The Burmese Harp (ビルマの竪琴 Biruma no tategoto, a.k.a. Harp of Burma) is a 1956 black-and-white Japanese film directed by Kon Ichikawa. It was based on a children's novel of the same name written by Michio Takeyama. It was Ichikawa's first film to be shown outside Japan, and is "one of the first films to portray the decimating effects of World War II from the point of view of the Japanese army." The film was nominated for the 1957 Academy Award for Best Foreign Language Film, during the first year that such a category existed.
In 1985, Ichikawa remade the film in color with different actors.
Private Mizushima (Shoji Yasui), a Japanese soldier, becomes the harp (or saung) player of Captain Inōye's (Rentaro Mikuni) group, composed of soldiers who fight and sing to raise morale in World War II Burma Campaign. When they are offered shelter in a village, they eventually realize they are being watched by British soldiers. They successfully retrieve their ammunition, then see the advancing force. Instead of firing at them, though, the enemy soldiers begin singing. They learn that the Japanese surrender has occurred and they surrender.
At a camp, a British captain asks Mizushima to talk down a group of soldiers who are still fighting on the mountain. He agrees to do so and is told by the British that he has 30 minutes to tell them to surrender. At the mountain he is almost shot down before they realize he is Japanese. He climbs up and asks to speak to whoever is in command. He informs their commander that the war has ended and they should surrender. The commander says he shall talk to the other soldiers, and they come out minutes later stating that unanimously they decided to fight to the end. Mizushima begs for them to surrender but they do nothing. He decides to ask for more time from the British. When he creates a surrender flag, the others take it the wrong way and believe he's surrendering for them. They beat him unconscious and leave him on the floor. The cave is bombarded, and he becomes the only survivor. He steals a monk's robe so that he will not be spotted as a soldier, and wanders around looking for the camp his group was in. Finding many unburied corpses of dead Japanese soldiers, he decides to bury them.
Meanwhile, Captain Inōye and his men are wondering what happened, and cling to a belief that he is still out there. Eventually they buy a parrot (saying "Mizushima, let's go back to Japan together" over and over again) and tell a villager to take it to a monk they suspect is Mizushima in hiding. But the parrot is returned with a long letter replying that he refuses to go back to Japan with them, because he must continue burying the dead while studying as a monk, and promoting the peaceful nature of mankind. Years later however, he allows for the prospect of returning to Japan.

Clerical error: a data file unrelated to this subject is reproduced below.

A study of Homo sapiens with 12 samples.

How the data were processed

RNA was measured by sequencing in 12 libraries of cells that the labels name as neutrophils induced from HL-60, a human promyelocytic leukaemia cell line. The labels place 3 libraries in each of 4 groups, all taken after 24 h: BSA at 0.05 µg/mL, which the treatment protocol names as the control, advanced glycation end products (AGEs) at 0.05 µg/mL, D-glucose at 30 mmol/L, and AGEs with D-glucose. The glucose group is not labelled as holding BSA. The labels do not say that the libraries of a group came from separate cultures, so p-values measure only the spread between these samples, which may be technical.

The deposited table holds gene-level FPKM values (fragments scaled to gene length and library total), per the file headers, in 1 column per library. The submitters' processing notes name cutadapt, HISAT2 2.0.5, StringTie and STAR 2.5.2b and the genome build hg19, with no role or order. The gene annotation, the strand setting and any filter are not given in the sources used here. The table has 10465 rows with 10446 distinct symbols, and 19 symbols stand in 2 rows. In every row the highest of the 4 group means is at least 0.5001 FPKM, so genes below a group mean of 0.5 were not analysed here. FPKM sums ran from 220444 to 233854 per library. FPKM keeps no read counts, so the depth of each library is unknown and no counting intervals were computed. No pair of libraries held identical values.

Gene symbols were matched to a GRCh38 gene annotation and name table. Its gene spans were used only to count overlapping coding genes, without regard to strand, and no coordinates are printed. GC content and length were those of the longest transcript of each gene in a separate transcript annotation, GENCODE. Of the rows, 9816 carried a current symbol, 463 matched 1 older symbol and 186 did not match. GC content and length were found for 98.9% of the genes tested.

In 1993, film scholar Audie Bock wrote:
Screenwriter Natto Wada (Ichikawa's former wife) lets minimal dialogue carry the emotion of The Burmese Harp. Ichikawa allows the grandeur of the Burmese landscape and the eerie power of its Buddhist statuary and architecture to sustain the mood of Mizushima's conversion and the mystification of his Japanese comrades. Yet the gravity of the film lifts with the lyrical score, the light humor of a local bartering woman (Tanie Kitabayashi) with her parrots, and the genuine but uncomprehending affection of the soldiers for their missing mate.
In 2007, film critic Tony Rayns called it the "first real landmark in his career" and wrote:
Ichikawa’s film is sharper and more clearheaded than Takeyama’s book, perhaps because it reflects an encounter with the reality of Burma and the Burmese. Most details in the film are taken directly from the book, although the overall structure has been changed....It's with the dropping of one of the book’s episodes entirely and substituting ideas of his own that Ichikawa provides the measure of the film’s achievement. After Mizushima is sent on the futile mission to persuade a belligerent captain to surrender, he’s wounded in the leg by a British bullet and left to die....In the book, Mizushima is found and nursed back to health by a non-Burmese tribe of cannibals, who plan to eat him; ... Ichikawa instead has Mizushima brought back from near death by a Buddhist monk, who intones over his patient the line “Burma is Burma. Burma is the Buddha’s country.” After his recovery, Mizushima shamelessly steals the monk’s robe (his only thought is self-preservation, and he needs a disguise) and makes his way south, intending to rejoin his company, which is where Ichikawa’s story line rejoins Takeyama’s.